Macon County completes 2019 revaluation
Macon County commissioners may be looking at a possible higher tax rate next year after hearing a presentation on the 2019 property revaluation process.
North Carolina counties are required to perform a revaluation on property every four years to establish market values. It’s a tedious process that requires many steps and takes many factors into consideration, as Macon County Tax Administrator Richard Lightner recently explained to commissioners.
The appraisal process includes collecting property sales data and reviewing the number of sales, analyzing construction costs, visiting properties, developing a schedule of values to use across the board and finally sending out notices to property owners letting them know the updated value of their property and how much in taxes they’ll pay in 2019.
“We look at all the maps and look and analyze sales from 2017 and 2018 to see what the market is doing now,” Lightner said.
The bottomline, he said, is that while there has been a small overall growth in property values in Macon County in the last four years, the market is fairly stagnant compared to what it used to be in the 1980s and ‘90s. Back in those days, Macon County’s population hovered in the 20,000-range and was growing rapidly and the market reflected that. Subdivisions and golf course clubs were being built all over the county, especially in the Highlands area. Lightner said there were about 4,000 home sales a year and 1,500 new building permits being issued a year. Now only about 70 new homes being built a year.
“It’s a totally different market now — sales have flat lined after coming up some in 2015,” he said.
The total tax value in 2015 was just over $8 billion and 2019 numbers have bumped it up to over $8.1 billion. However, considering how much value the county lost during the last couple of reassessments, Lightner said the 0.003 percent growth is good news. During the 2014 revaluation process, Macon County saw property values drop an average of 25 percent over eight years, which dropped the county’s tax base from $9 billion to $7 billion and raised the tax rate from 28 cents to 34 cents per $100 of assessed value.
“Basically you’re breaking even now. All this tells you is the market hasn’t grown — it’s stabilized the last four years,” he said to commissioners after reviewing all the numbers.
Based on the total valuation, Lightner said the county could expect to collect about $29.3 million in property taxes during the 2019-20 budget cycle. Barring any major budget cuts or additions, he said the county is looking at having to increase its property tax rate from 34 cents per $100 of assessed value to 37 cents to reach a revenue neutral tax rate.
“That’s your starting point — where you end up is the process your board is responsible for (during the budget process),” Lightner said.
Lightner showed commissioners a few examples of value changes to different homes throughout the county and the results are all over the board. An average home valued at $260,500 in 2015 now will have a value of $215,820 in 2019 and the owner’s taxes will decrease about 12 percent for a savings of $111 a year. A parcel with a doublewide trailer valued at $93,600 in 2015 increased in value to $100,910 for 2019, increasing the property taxes 14 percent. On the other end of the spectrum a large custom home valued at $10.1 million in 2015 will now be valued at $13.2 million, increasing the taxes 38 percent.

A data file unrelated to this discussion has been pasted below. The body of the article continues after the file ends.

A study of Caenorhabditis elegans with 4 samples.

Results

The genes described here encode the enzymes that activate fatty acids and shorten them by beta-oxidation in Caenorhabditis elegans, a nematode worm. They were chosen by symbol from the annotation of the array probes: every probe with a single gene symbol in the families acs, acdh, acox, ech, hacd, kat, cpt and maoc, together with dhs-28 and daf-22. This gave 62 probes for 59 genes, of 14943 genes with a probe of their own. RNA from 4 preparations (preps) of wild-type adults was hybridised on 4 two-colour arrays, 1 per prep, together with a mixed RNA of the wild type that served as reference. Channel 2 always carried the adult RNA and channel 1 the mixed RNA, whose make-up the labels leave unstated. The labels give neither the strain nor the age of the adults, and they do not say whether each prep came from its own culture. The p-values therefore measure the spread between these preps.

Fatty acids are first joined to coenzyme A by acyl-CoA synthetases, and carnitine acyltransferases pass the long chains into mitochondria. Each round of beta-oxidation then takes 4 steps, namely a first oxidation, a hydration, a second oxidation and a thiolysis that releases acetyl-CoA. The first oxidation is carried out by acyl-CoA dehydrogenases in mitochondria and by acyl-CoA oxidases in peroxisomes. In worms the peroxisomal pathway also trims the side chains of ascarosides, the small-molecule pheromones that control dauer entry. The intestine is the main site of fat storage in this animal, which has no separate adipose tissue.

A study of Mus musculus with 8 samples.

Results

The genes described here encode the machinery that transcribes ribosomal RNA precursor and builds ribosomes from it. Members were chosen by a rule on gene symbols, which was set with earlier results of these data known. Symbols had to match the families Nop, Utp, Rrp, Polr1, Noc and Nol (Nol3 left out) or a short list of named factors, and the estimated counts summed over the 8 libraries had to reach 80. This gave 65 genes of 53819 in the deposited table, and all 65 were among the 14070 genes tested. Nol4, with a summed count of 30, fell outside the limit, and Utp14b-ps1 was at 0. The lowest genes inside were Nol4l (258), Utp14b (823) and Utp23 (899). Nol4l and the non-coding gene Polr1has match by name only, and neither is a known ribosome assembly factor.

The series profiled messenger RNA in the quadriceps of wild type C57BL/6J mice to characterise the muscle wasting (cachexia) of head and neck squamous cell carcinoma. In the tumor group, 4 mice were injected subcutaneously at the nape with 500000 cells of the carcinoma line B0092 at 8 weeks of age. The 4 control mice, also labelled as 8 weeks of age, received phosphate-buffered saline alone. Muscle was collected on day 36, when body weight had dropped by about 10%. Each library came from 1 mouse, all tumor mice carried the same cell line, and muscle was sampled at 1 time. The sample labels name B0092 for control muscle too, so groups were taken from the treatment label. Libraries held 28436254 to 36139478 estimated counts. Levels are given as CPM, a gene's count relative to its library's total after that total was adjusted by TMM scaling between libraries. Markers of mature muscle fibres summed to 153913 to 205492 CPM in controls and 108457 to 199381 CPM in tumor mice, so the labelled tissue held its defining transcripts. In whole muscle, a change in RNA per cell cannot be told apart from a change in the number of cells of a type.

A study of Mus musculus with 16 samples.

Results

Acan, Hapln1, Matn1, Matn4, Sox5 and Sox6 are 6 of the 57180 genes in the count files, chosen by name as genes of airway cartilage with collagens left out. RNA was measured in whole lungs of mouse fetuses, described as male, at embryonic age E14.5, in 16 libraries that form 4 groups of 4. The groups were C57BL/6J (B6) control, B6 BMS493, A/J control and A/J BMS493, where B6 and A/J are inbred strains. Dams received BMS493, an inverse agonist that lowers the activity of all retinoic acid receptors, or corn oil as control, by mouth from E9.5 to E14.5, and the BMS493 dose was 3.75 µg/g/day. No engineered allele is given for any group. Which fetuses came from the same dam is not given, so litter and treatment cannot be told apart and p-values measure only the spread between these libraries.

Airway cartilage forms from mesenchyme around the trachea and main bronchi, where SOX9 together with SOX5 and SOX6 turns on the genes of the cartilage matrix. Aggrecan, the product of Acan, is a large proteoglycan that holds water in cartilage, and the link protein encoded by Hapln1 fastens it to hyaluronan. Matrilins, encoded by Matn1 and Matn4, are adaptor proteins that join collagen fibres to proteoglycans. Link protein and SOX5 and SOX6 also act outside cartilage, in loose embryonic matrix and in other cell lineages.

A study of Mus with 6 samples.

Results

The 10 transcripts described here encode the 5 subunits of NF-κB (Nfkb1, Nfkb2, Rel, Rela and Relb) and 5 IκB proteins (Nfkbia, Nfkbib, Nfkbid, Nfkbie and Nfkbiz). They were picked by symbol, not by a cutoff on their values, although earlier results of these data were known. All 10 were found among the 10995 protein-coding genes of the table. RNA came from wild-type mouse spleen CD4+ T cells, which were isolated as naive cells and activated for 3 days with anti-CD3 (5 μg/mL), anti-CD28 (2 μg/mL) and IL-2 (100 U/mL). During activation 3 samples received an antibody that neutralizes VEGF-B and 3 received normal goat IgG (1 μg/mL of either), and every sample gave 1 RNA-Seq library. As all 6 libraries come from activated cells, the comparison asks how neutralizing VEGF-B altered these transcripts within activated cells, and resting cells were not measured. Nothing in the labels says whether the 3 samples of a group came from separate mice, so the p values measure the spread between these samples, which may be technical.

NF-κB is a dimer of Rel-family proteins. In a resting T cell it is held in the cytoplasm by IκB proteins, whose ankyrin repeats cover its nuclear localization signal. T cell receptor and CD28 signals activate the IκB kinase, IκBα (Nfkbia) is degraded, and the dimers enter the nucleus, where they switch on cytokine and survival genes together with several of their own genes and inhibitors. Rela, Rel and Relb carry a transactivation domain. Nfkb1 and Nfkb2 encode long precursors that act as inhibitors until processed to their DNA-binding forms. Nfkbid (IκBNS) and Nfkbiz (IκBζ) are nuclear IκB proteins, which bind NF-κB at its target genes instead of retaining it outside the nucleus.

“The market for each house is different depending on the location in the county, the neighborhood, etc.,” Lightner said. “Properties will not increase at the same percentage countywide — location is still a big factor.”
Looking at other trends, Lightner said the valuation process has shown that people are gravitating more toward town instead of being out in more rural locations in the county. In Highlands, people are building more expensive homes close to downtown instead of in the golf clubs.
“People don’t want to be way out at the end of Cowee or Burningtown — there’s still a market for those areas but the market is smaller and smaller — people want to be in town,” he said.
When just looking at property tax, Lightner said the township of Highlands makes up 46 percent of the tax base — add in Scaly Mountain area and the total increases to 54 percent of the tax base. The next largest tax base comes from the town of Franklin, though Lightner said growth in the town could be more if there weren’t so many vacant spaces within commercial shopping centers.
For many new property owners moving to Macon County from other states where the assessment process may be different, Lightner said it’s mostly just about educating them so they understand the many factors at play and also explaining the appeal process if they choose to dispute their new valuation.
He pointed out that the percentage of increase or decrease in value is not a valid reason for appeal according to state law and the burden of proof in an appeal does rest with the taxpayer to show the property has been “excessively overvalued.”
New property values will be finalized this month and notices to owners will be sent out beginning in January. Information regarding the appeals process will accompany those letters and the Macon County Board of Equalization will begin hearing any appeals in April. During the 2007 revaluation process, more than 4,000 appeals were filed when property values went through the roof, but the appeal numbers were around 400 during the 2015 process.
Lightner also pointed out how much money the county has saved in recent years by performing the revaluation process in house instead of contracting out the service to a third party.
“We’ve saved the county $5.2 million over the years since 1999,” he said. “We’ve saved $956,000 this time around.”
For more information about the revaluation process in Macon County, including a PowerPoint presentation, visit www.maconnctax.com/#/revaluation.